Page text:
Alaskan Malamute

The Alaskan Malamute is a generally large breed of domestic dog (Canis lupus familiaris) originally bred for use as an Alaskan sled dog. It is sometimes mistaken for a Siberian Husky, but in fact is quite different in many ways.

Alaskan Malamute Appearance

The Alaskan Malamute breed standard calls for a natural range of size, with a desired freighting size of 23 inches and 75 pounds for females, 25 inches and 85 pounds for males. Heavier individuals (90lbs) and dogs smaller than 75 pounds are commonly seen. There is often a marked size difference between males and females. Weights upwards of 110 pounds are occasionally seen, but this is uncommon and such dogs are produced primarily by breeders who market a 'giant Malamute.' These large sizes are not in accordance with the breed's history or show standards.

The coat is a dense double northern dog coat, somewhat "harsher" (in a certain sense) than that of the smaller Siberian Husky. The usual colors are various shades of gray and white, sable and white, black and white, red and white, or solid white. Blue and white (slate gray with gray pigment) also is seen in the breed. Eyes are almond-shaped and are always various shades of brown (from dark to light, honey or hazel brown); blue eyes will disqualify the dog in shows. The physical build of the Malamute is compact with heavy bone, in most (but not all) cases. In this context 'compact' means that their height to length ratio is slightly longer than tall, unlike dogs like Great Danes which are longer and lankier in their ratios.

The primary criterion for judging the Malamute in a show is its function to pull heavy freight as a sled dog; everything else is secondary. As many an owner has found out, the pulling power of a Malamute is tremendous.

Alaskan Malamute Temperament

While a few Alaskan Malamutes are still in use as sled dogs for personal travel, hauling freight, or helping move heavy objects, some are used for the recreational pursuit of sledding also known as mushing, also skijoring, bikejoring, and canicross. However, most Malamutes today are kept as family pets or show dogs. The Alaskan Malamute is generally slower in long-distance dogsled racing against smaller and faster breeds and their working usefulness is limited to freighting or traveling over long distances at a far slower rate than that required for racing. They can also help move heavy objects over shorter distances.

The Alaskan Malamute retains more of its original form and function than many other modern dog breeds. If a dog owner cannot cope with a dog that will not comply with the owner's every command, a more compliant breed should be selected. This dog has a long genetic foundation of living in the harshest environment imaginable, and many of its behaviors are evolved to conform with "survival of the fittest." Independence, resourcefulness and primitive behaviors are common in the breed.

There is reason to believe that Alaskan Malamutes cope poorly with smaller animals, including canines; however, this has been difficult to document in detail beyond observational data. It is difficult to pinpoint why many Alaskan Malamutes owners have observed this behavior with smaller animals, though some might speculate this is due to the Malamute's uniquely divergent ancestry, at one point cross-breeding with wolves. Due to their naturally evolved beginnings, the malamute tends to have a heightened prey drive when compared to some other breeds of dog. So while Malamutes are, as a general rule, particularly amiable around people and can be taught to tolerate other pets, it is necessary to be mindful of them around smaller animals and young children.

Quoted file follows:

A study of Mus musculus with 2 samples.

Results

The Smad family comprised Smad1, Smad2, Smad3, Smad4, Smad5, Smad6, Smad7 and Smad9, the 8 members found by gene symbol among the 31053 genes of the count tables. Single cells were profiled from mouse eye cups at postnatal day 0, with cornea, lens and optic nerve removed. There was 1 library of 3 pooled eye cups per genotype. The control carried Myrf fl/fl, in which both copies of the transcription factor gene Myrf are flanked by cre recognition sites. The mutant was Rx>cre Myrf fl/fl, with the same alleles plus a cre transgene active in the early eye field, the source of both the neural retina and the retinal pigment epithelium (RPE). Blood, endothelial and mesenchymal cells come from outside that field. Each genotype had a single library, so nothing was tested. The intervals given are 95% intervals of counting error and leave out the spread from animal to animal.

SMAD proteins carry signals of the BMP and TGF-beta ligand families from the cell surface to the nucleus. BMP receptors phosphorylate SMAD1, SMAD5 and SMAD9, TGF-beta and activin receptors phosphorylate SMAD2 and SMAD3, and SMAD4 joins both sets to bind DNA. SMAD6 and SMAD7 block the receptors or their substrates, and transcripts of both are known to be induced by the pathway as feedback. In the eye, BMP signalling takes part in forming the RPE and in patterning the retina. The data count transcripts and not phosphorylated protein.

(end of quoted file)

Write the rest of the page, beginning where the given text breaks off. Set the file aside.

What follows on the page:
Generally speaking, time and experience will show if a dog can be left unwatched with other household pets. In this respect, it is also important to understand that just because a Malamute is comfortable with other pets, this does not mean it will be comfortable around all other animals it encounters. Malamutes are quite fond of people, a trait that makes them particularly sought-after family dogs. Malamutes are nimble around furniture and smaller items, making them ideal house dogs. However, they enjoy being outdoors in winter to enjoy the snow. If they are year-round outdoor dogs, letting them play in a baby pool filled with cold water in summer keeps them cool.

The majority of Malamutes are fairly quiet dogs, seldom barking like most other dog breeds. When a malamute does vocalize, more often than not they tend to "talk" by vocalizing a "woo woo" sound (the characteristic vocalizations of Chewbacca in the Star Wars films are based upon a Malamute named Indiana once owned by George Lucas). They may howl like wolves or coyotes, and for the same reasons.


There is only one known health survey of Alaskan Malamutes, a 2004 UK Kennel Club survey with a small sample size of 14 dogs. The median lifespan of 10.7 years measured in that survey is very typical of a breed their size. The major cause of death was cancer (36%).


The most commonly reported health problems of Alaskan Malamutes in the 2004 UK Kennel Club survey (based on a sample size of 64 dogs) were musculoskeletal (hip dysplasia), and hereditary cataracts.

Other health issues in Malamutes include inherited polyneuropathy, chondrodysplasia, heart defects, and eye problems (particularly cataract and progressive retinal atrophy).

Climate and Malamutes

While Malamutes have been successfully raised in places such as Arizona, their dense coats generally make them unsuited for outdoor living in hot climates. When the weather gets hot, like any other breed of dog, the Malamute needs plenty of water and shade. They will grow a winter coat and subsequently shed it in spring.